المساعد الشخصي الرقمي

مشاهدة النسخة كاملة : Europe’s view of Muslims


aammar
03-02-2013, 08:01 AM
The European countries’ experiences of integrating Muslims into their societies have varied. The recognition of the Austrian Emperor Franz Joseph in 1912 of Islam as an official religion is considered the oldest official recognition of Islam in the continent of Europe.

However, the first Muslim Assembly in Vienna was established in 1979, after nearly seventy years. Muslim students did not receive any religious education until 1982. In Italy, the Italian government still refuses to recognize Islam as an official religion. This intransigence incurred a duplication of culture and created a conflict among young Muslims, who are not able to integrate into the Italian society because they are Muslims and at the same time have a sense of belonging to the country in which they were born and raised.

In Germany, Germans still view Muslims as foreigners and a jeopardy to their society. In the Netherlands, the prime minister calls for the closure of the 35 Islamic schools in the country under the pretext that they do not encourage the integration of Muslim children within the community.
The British and French experiences are considered pioneer examples of handling the issue of Muslim integration into European society. By 1842, about 3000 Muslim sailors were visiting Britain every year, some of whom settled in British cities such as Liverpool and London. The first mosque was built in Britain in 1889 and it is called the Woking Mosque, and this took place after a large number of British elite converted to Islam.

In the 1950s, the largest waves of Muslim migration to Britain began. Most of them came from villages in south-east Asia, especially from the Indian subcontinent.
The estimated number of Muslims in the UK now, as previously mentioned, is about 1.6 million, approximately 50% of whom are British-born.
[The official website of the British Foreign Office, http://www.fco.gov.uk]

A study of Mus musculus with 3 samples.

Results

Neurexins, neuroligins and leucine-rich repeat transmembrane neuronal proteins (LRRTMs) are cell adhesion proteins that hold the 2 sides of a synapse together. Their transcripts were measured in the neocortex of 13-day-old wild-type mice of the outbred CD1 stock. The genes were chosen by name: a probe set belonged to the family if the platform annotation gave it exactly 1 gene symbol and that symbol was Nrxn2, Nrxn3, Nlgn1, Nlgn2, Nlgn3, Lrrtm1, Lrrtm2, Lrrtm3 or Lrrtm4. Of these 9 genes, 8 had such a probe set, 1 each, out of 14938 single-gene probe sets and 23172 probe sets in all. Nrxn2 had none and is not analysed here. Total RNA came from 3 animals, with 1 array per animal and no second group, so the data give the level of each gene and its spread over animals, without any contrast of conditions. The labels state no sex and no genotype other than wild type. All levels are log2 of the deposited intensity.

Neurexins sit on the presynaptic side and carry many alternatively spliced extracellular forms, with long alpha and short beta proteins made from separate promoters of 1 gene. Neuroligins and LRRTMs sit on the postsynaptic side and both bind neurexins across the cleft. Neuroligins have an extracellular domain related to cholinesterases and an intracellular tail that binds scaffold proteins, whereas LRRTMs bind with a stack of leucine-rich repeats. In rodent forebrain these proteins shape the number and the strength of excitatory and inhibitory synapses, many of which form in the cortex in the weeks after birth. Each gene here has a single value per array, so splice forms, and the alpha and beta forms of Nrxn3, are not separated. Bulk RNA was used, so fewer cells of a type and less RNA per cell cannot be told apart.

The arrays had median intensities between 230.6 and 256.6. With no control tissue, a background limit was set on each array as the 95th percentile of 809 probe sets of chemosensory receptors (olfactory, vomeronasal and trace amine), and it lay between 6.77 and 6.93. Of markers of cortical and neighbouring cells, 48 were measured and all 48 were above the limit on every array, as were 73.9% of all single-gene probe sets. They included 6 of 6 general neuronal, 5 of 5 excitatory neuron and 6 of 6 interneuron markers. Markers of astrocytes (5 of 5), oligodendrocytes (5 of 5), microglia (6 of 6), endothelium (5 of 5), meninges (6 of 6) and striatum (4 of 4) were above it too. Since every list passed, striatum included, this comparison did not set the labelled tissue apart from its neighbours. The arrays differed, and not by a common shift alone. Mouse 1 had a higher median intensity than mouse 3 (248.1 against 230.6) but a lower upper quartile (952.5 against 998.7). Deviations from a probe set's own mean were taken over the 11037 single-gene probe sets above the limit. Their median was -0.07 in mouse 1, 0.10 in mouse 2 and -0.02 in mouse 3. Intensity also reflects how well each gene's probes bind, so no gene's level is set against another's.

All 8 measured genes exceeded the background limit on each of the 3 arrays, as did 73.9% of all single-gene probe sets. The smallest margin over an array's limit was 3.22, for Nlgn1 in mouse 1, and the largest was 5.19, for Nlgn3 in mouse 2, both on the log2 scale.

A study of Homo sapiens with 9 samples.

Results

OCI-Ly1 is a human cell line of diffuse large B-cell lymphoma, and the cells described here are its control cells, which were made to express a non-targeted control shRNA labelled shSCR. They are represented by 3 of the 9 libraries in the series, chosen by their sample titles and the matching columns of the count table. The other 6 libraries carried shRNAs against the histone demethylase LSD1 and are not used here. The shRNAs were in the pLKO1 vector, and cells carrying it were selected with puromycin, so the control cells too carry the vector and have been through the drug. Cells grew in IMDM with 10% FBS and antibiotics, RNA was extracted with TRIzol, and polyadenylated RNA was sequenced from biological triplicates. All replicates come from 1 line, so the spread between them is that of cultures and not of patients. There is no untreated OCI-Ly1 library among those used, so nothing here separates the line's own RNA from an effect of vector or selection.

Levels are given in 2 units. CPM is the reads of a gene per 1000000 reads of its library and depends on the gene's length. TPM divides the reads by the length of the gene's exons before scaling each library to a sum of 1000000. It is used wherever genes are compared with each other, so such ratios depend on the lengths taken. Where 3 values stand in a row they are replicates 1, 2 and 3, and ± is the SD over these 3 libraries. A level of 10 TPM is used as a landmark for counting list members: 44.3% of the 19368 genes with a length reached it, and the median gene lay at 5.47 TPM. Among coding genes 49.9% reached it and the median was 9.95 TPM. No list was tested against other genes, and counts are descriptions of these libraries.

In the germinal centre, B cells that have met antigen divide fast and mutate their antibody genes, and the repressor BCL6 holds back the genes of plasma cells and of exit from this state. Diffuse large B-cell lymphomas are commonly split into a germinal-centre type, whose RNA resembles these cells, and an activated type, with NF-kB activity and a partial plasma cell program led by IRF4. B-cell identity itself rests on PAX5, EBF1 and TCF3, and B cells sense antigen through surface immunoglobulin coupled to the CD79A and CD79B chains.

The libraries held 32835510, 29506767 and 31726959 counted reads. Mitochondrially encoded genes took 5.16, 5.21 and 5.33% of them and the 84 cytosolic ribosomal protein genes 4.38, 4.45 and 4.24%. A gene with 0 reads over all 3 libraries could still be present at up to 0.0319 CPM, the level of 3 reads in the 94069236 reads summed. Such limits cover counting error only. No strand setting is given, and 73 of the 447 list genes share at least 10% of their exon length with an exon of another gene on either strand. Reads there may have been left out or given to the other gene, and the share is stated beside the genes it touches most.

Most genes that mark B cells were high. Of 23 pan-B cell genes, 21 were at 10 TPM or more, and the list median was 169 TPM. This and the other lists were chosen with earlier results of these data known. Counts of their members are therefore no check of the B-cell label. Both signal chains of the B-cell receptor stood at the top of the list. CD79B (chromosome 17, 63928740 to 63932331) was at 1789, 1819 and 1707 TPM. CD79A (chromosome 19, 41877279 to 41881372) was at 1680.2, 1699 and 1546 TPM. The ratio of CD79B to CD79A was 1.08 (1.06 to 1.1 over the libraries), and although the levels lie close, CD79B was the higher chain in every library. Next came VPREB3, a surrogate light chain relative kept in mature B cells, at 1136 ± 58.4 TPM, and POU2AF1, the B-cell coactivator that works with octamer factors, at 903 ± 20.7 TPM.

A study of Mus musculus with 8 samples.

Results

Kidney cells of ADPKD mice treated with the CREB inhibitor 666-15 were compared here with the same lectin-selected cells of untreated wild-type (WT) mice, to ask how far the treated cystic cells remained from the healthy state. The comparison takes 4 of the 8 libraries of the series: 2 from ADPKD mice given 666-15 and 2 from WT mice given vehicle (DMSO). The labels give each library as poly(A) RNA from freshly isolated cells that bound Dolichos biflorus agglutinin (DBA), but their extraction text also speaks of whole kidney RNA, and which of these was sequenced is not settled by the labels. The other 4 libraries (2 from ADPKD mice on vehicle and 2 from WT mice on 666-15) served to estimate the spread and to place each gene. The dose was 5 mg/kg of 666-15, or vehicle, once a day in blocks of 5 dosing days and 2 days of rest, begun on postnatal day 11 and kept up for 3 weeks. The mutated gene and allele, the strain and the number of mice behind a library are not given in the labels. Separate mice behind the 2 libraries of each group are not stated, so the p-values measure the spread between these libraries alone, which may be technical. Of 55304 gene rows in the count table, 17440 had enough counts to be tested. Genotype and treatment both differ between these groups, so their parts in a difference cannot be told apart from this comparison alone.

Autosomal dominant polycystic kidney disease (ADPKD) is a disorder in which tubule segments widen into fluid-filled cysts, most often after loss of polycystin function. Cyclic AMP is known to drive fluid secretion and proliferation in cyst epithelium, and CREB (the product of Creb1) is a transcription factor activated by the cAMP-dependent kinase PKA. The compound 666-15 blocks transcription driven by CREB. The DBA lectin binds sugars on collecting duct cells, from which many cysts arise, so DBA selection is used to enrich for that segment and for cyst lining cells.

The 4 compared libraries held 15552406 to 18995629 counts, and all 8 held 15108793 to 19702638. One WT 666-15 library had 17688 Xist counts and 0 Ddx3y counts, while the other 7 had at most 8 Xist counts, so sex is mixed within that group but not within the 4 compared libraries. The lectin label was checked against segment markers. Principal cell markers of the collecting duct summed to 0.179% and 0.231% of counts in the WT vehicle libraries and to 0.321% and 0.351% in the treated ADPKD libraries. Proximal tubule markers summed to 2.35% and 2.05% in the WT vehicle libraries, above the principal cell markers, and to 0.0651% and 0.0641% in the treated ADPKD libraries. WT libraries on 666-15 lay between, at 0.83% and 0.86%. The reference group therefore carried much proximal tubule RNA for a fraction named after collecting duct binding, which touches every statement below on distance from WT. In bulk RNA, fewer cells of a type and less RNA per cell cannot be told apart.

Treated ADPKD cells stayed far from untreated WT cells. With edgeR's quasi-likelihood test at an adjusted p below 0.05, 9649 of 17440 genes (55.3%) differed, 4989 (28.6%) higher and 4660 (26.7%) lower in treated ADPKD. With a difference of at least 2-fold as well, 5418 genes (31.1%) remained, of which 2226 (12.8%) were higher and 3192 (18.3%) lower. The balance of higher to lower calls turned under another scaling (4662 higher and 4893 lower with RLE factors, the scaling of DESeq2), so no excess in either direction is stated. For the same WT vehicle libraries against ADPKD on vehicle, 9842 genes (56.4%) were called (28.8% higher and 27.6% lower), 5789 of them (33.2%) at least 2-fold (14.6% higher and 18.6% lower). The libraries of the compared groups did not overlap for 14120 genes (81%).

There are 600 mosques in Britain, compared with 13 mosques in 1963. Add to that, there are1400 Islamic associations and societies in Britain. The distinguishing characteristic of Muslims in Britain is their greater number of youth, more than the British people themselves. This is due to the relatively high birth rate among Muslims. The proportion of British-born Muslims is about 55% of all Muslims. Additionally, British Muslims have political representation in the House of Commons and Lords, and at the municipal level as well. They also have an Islamic party.

British law has a positive view of the various ethnic groups and allows them to enjoy a degree of maintaining their distinguishing characteristics. In Britain, ethnic origin is nothing but a legal status and is not an abhorrent thing or a flaw. Under this freedom that was given to ethnic groups to express their political identity, Muslims managed to express themselves in the British political system.

The Muslims of Britain were keen to highlight their religious and cultural identity through multiple mechanisms, including: participation in the educational process in order to have a word in what should be taught to Muslim children; the formation of Muslim pressure groups in the municipal and legislative elections intended to put the interests of Muslims on the agenda; opening channels of communication with the British government aiming at protecting Muslims from racist attacks, and the recognition of Islamic marriage before British courts.

In France, there is a clear confusion in the French policy towards Muslims concerning the issue of integration. Therefore, the issue of the immigrants occupied a prominent position in the presidential elections in France. The reason behind the rise of the extreme right party was their pledge to reduce foreign immigration to France. The ballot box reflected the extent of the hatred that a large sector of the French people harbors towards foreigners. When the phenomenon of hostility to immigrants exacerbated and caused serious riot incidents that led to the imposition of the state of emergency for the first time in a long time in France, the French government began pursuing a new policy to reduce the hatred and antipathy towards foreigners.

This new policy was reflected in TV ads that underlined the need to show tolerance towards colored people and ended with the words (France is better without racism). The French government also helped immigrants to integrate into French society and established a special ministry for integration, appointing a minister of Algerian origins at its head. Among the responsibilities of this new Ministry was helping the immigrants to integrate into French society. The French Interior Ministry held meetings with the officials of Islamic organizations and bodies in France as a prelude to the formation of a representative council for the Muslims of France, to represent Muslims before public authorities.